I need your help finding a good shoePosted by cathie w on 3/05/05 at 00:04 (170481)
I had surgery Oct 28 for removal of morton's neuroma only to discover that I have a 2nd neuroma on the same foot only 1 web over that is huge. I have done all the treatments & physical therapy available to no avail and I can't have surgery to remove it for another year. It has also been discovered that I have no padding on the ball of the same foot to protect the tarsules. I can't tell you the amount of pain I am in hobbling around on a swollen, black & blue foot with marbles & lumps on the padding. Well the season is changing and I can no longer where the clod hopper boots I have been living in the last 4 months and need to find myself a good pair of comfortable shoes for work, shopping etc....with the SOFTEST CUSHION in the sole as possible. It can not be a shoe with a high arch as that only forces my foot to put more weight/pressure on the ball of the foot. I don't know anything about any of the shoes out there so am seeking your advice and knowledge in helping my on my hunt for something I can walk in. Can anyone help me? Am open to all your advice. I would also like to find some type of summer shoe/sandal too. So I guess I am looking for 2 pairs of shoes. Please help me.
Re: I need your help finding a good shoeJanice C on 3/05/05 at 19:48 (170544)
Cathie w , I have had wonderful luck with Mephisto sandals, the ones with the cork soles, bad luck with Birks, too flat- stretched out my already inflammed plantar fascia. Also had good luck with Justin Ropers, the lace-up, don't get the one labeled 'basics', the sole is thin, they are cheaper than the regular line of Justins. My sister in law swears by SAS shoes, she has a bad case of PF. If you check out Zappos.com they have free shipping, totally refund your s & h and cost of shoe. I have about 6 pair of Mephs, but have returned about 6 pair to get a different size each time. I tried the regular soles in the Meph, but too soft, the cork bed is firm, but well-padded, looks like a Birk, but slightly higher heel. Feel like an Arizona Birk- very comf. Good luck.
Re: I need your help finding a good shoeelliott on 3/06/05 at 11:31 (170568)
Cathie w, try the Brooks Turin:
Maybe not the nicest looking shoe for a woman, but it is a decently stable walker with unbelievable forefoot comfort due to some kind of Hydroflow Gel in the forefoot. Works with or without orthotics. (I got a wide for extra forefoot room, which worked even though I have a narrower heel than most.) I too had neruomas in adjacent web spaces, and this was the best I found; nothing else came close.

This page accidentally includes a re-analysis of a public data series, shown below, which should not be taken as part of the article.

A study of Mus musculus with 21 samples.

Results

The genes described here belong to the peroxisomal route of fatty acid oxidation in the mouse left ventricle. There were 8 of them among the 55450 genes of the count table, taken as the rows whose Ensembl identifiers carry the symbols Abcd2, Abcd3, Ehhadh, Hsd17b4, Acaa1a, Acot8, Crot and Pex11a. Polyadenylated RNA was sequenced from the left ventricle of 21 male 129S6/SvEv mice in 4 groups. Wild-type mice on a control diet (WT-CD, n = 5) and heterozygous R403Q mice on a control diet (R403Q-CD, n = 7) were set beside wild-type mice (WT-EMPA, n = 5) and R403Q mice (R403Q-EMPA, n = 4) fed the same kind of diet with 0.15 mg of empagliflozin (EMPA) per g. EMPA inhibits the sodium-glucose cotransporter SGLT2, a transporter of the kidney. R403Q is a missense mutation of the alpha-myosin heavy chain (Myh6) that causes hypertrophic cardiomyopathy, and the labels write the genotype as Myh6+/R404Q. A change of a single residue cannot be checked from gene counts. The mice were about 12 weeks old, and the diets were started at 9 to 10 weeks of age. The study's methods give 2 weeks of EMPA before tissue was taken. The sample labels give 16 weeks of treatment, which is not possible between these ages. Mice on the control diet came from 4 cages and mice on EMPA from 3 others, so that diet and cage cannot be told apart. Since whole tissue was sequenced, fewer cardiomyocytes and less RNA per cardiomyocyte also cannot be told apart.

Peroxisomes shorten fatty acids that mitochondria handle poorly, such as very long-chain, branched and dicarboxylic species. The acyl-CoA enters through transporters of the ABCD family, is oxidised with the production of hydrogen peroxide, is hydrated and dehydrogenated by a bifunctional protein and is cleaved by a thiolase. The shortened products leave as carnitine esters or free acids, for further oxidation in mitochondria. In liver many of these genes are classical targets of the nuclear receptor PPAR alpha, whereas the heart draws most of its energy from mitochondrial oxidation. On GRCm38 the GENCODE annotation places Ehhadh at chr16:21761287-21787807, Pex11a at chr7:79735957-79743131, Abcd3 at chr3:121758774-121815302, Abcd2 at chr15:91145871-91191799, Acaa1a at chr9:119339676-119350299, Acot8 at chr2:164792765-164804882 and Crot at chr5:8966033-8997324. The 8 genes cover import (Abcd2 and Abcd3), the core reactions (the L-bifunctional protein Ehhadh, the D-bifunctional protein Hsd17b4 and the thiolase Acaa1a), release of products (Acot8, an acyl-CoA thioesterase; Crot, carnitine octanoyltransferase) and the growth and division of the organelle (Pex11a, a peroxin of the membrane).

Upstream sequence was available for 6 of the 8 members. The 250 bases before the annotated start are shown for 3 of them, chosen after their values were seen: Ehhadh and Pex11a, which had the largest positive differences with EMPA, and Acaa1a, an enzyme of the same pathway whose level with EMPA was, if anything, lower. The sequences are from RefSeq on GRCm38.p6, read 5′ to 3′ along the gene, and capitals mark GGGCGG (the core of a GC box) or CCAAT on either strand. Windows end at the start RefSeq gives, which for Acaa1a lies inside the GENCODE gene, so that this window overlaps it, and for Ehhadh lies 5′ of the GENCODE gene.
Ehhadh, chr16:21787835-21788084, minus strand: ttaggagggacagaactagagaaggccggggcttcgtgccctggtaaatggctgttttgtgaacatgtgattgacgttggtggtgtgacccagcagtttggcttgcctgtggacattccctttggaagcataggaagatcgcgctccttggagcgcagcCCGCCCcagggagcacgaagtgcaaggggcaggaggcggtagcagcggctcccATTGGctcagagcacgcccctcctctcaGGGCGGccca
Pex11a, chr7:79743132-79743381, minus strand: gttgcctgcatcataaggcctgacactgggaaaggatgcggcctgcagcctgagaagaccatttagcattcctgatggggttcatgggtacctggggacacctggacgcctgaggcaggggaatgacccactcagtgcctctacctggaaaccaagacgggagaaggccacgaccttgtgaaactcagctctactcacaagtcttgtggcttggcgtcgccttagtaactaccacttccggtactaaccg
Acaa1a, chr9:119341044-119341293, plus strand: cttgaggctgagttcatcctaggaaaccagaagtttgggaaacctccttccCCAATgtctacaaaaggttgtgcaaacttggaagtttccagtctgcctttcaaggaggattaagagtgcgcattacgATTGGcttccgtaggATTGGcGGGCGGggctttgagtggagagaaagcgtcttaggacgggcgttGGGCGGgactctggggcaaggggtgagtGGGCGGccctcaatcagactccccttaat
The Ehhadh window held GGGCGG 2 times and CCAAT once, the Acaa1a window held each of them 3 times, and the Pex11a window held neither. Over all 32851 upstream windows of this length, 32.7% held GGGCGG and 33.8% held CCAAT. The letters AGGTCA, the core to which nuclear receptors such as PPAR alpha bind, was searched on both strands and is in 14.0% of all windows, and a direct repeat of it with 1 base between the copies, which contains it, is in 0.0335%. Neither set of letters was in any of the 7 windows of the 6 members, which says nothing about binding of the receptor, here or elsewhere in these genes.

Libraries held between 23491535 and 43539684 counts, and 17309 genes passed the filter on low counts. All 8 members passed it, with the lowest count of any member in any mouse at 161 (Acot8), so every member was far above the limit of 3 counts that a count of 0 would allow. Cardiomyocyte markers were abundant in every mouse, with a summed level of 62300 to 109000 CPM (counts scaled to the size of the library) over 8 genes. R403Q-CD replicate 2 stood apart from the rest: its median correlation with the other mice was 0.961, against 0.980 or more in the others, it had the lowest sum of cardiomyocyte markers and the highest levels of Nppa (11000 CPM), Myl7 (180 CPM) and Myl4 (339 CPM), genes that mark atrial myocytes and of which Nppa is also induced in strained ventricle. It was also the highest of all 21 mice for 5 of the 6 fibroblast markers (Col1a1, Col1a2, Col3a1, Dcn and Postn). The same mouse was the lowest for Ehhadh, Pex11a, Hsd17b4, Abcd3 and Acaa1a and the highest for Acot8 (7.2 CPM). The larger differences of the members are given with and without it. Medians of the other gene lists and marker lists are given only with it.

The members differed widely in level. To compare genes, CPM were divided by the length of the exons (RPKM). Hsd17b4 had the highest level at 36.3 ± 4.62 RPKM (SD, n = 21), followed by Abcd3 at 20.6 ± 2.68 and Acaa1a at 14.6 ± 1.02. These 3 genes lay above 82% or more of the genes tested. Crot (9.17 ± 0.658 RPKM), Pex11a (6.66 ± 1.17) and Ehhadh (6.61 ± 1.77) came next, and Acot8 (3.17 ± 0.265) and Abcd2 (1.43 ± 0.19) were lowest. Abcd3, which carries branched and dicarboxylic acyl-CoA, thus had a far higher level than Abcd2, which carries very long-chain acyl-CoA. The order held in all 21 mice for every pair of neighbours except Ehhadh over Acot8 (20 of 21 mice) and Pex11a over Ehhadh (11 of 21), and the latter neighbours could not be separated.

Re: I need your help finding a good shoeDarlene on 3/06/05 at 15:57 (170578)
It looks like it has a nice rocker sole which will also help to offload the forefoot.
Do you think this would be better than sneakers?
Re: I need your help finding a good shoeelliott on 3/06/05 at 16:21 (170580)
Sneakers typically are better at support and stability than walking shoes, but, due to their upper support and often smaller toebox, often feel tight, especially for neuroma sufferers, when kept on for an extended period of time. More importantly, though, I don't want to wear sneakers at work! The Turin comes in black and can almost pass as a normal dress shoe if they're not looking too close. Regardless, the forefoot softness is wonderful. But it's possible some of the Brooks running shoes might have the same thing.
Re: I need your help finding a good shoejenniferjuniper on 3/07/05 at 10:26 (170600)
1. Mephisto Sandals: cork sole, like a birk, but i couldn't wear birks. mephisto has excellent arch support. Love then for around the house
2. Dansko clogs: hard rocker bottom, great arch support, very supportive
3. Brooks addiction running shoe with orthotic of your choice
Re: I need your help finding a good shoeTim M. on 3/14/05 at 12:09 (171180)
You might want to look at Z-Coils. The forefoot is very padded (3/4-inch) and the heel has the famous spring and integrated orthotic which spreads the impact much more evenly over the entire bottom of your foot. The orthotic does have an arch support in it, but it actually wasn't high enough for me when I first started wearing them, I added an over-the-counter arch support which I later removed as my feet healed and I got used to the Z-Coils.
I would ask your doctor what he/she knows about them and whether he/she thinks they might work for you.